As India Picks ODF, Novell-Microsoft Influence in LibreOffice Raises Questions (the Unfortunate ‘Go-OO Factor’)
Summary: Novell staff is said to be pushing for OOXML write support in LibreOffice just when ODF becomes a standard in more and more large nations
Techrights is a supporter of LibreOffice because it is willing to believe that — as promised to us personally — the project is not steered by Novell employees. Last night in IRC one of or readers raised some concerns about what goes on at LibreOffice and its umbrella organisation. There is active discussion about it in Twitter and in Groklaw. If there are blog posts or articles about it, then we have not come across them yet. The short story is that OOXML write support becomes a controversial subject for all sorts of reasons, some more justifiable than others (and some are fictional). Charles from LibreOffice has kindly responded to us about 3 times already, denying all of the allegations (more on that in Twitter).
For those who are not familiar with this debate, start here in an IRC log from last night. This came at the same time as the news about India going with ODF, which is a fantastic development. To quote a Red Hat employee:
Here is some good news to kick off the new year. As a follow-up to the Policy on Open Standards for e-Governance, the Department of Information Technology has published the “Interoperability Framework for E-Governance in India (IFEG).”
The draft of the IFEG lists out the standards approved for e-governance in India. The last date for comments on this draft is 27th Jan 2011.
The current concern is that Novell, which was paid handsomely by Microsoft, may continue pushing for OOXML. We wrote about this last month and this question returns not just due to discussion in Groklaw but also because IBM’s Rob Weir writes that the “Document Foundation debates OOXML support in LibreOffice. With freedom it is hard to be only half pure. http://bit.ly/hjPqMU”. The FFII says: “A user is concerned about #LibreOffice #OOXML write support http://comments.gmane.org/gmane.comp.documentfoundation.discuss/3058″
As Weir added: “Half-pure is starting with the goal of being independent of a Oracle, but then doing what Microsoft is paying Novell to do.”
“Half-pure is starting with the goal of being independent of a Oracle, but then doing what Microsoft is paying Novell to do.”
–Rob Weir, IBMAs a result of this, Weir comes under another pressure offence from Microsoft, over ODF. He is having a long powwow (about 30 tweets back and forth) with Microsoft employees and also boosters like Jesper Lund Stocholm, starting with messages like this one which says: “if OSS doesn’t add support for OOXML, .NET, XPS, SilverLight , etc., then they’re “detroying your ability to choose”?”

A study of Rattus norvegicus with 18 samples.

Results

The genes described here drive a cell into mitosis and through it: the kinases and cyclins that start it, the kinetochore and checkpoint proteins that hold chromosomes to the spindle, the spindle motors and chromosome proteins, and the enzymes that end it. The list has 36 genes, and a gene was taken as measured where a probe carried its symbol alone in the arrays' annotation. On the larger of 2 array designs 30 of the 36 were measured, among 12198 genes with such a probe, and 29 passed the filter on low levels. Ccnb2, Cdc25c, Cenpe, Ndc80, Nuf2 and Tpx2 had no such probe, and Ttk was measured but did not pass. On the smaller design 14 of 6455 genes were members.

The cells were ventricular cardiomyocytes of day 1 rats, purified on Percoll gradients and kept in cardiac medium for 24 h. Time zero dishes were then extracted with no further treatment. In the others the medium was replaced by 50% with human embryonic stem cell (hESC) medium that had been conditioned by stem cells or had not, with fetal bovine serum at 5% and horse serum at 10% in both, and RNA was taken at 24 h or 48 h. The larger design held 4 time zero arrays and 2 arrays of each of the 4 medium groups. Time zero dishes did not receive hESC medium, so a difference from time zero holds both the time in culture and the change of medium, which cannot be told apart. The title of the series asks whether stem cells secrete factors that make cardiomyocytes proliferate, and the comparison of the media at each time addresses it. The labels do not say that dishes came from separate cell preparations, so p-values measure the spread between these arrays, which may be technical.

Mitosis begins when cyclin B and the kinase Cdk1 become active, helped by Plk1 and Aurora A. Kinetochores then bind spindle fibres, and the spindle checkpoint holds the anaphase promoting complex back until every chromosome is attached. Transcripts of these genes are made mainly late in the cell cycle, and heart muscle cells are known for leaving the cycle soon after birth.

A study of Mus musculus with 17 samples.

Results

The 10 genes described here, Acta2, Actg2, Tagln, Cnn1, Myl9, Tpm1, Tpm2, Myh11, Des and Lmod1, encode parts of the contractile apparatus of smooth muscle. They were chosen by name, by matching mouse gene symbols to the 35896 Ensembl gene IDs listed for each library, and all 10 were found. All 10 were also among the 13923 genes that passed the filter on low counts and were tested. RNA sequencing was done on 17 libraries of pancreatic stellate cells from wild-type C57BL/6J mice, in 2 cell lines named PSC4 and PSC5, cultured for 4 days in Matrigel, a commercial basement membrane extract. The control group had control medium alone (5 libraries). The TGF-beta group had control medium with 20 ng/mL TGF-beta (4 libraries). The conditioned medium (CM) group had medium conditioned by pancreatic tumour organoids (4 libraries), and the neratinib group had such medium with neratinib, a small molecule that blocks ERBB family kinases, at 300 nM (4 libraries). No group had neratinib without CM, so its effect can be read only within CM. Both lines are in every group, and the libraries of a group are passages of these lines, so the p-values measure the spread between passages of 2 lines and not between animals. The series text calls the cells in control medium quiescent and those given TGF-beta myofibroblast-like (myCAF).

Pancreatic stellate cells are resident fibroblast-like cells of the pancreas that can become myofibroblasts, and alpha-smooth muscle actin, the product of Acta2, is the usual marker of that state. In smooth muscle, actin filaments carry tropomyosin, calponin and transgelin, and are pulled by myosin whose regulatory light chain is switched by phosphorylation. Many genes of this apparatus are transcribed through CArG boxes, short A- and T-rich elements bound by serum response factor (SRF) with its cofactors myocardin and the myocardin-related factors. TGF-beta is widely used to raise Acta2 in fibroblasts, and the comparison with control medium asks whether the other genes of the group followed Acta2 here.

It’s like Microsoft speaking using a peripheral person, Jesper. They spin OOXML as “choice” again. We’ll probably post a little more on this subject at a later date. A lot of it is in Twitter and in our IRC logs. Maybe it’s just a manufactured controversy, it’s still hard to tell without a lot of research and personal queries. There is more in Groklaw comments and interestingly enough, a longtime supporter of Groklaw, Brian Proffitt, opines that Groklaw should open up to more people:
The problem is that in the short term, Groklaw’s mission (stopping SCO from hurting Linux) has basically succeeded. Yes, there are pending appeals from SCO, but Jones is concerned that any efforts to continue the fight against SCO will only serve to help companies like Novell. Other suits are out there, but right now the community interest for those seems to be waning. And, I suspect, Jones’ own interest might be waning: she has been at this since 2003, while facing several personal attacks along the way. The potential for burnout has to be very real.
When one person, any person, gets so wrapped up in something and then has to deal with the lack of that issue in their lives–even if they have won–it has a profound effect.
My most constructive suggestion would be for Groklaw to become a more community-run site. Instead of being a strictly one-person show, perhaps a shift to a more collaboratively run organization is possible. There is precedent: Linus Torvalds is still leading the Linux kernel development, but over the years he has delegated a lot of responsibilities to the various kernel maintainers. Surely there are those in the Groklaw community who could step up and fill similar roles for Groklaw.
I believe this approach would enable Groklaw to dedicate more time to covering all of the different legal issues surrounding FLOSS these days. In effect, it would become a meta-blog, like Huffington Post, or Engadget, or what have you, with a focus on FLOSS legal battles.
Change isn’t easy, but it can be an opportunity to do something bigger than you had ever planned.
The whole post is very thought-provoking and it has attracted Microsoft mobbyists too (libel and crazy theories in the comments). █
Addendum: As this post comes into publication time Charles posts this rebuttal in his blog. He also told me: “I think it might be #Oracle trying run some brainfuck here. Oracle more #FOSS than #LibreOffice? Who does benefit from this?”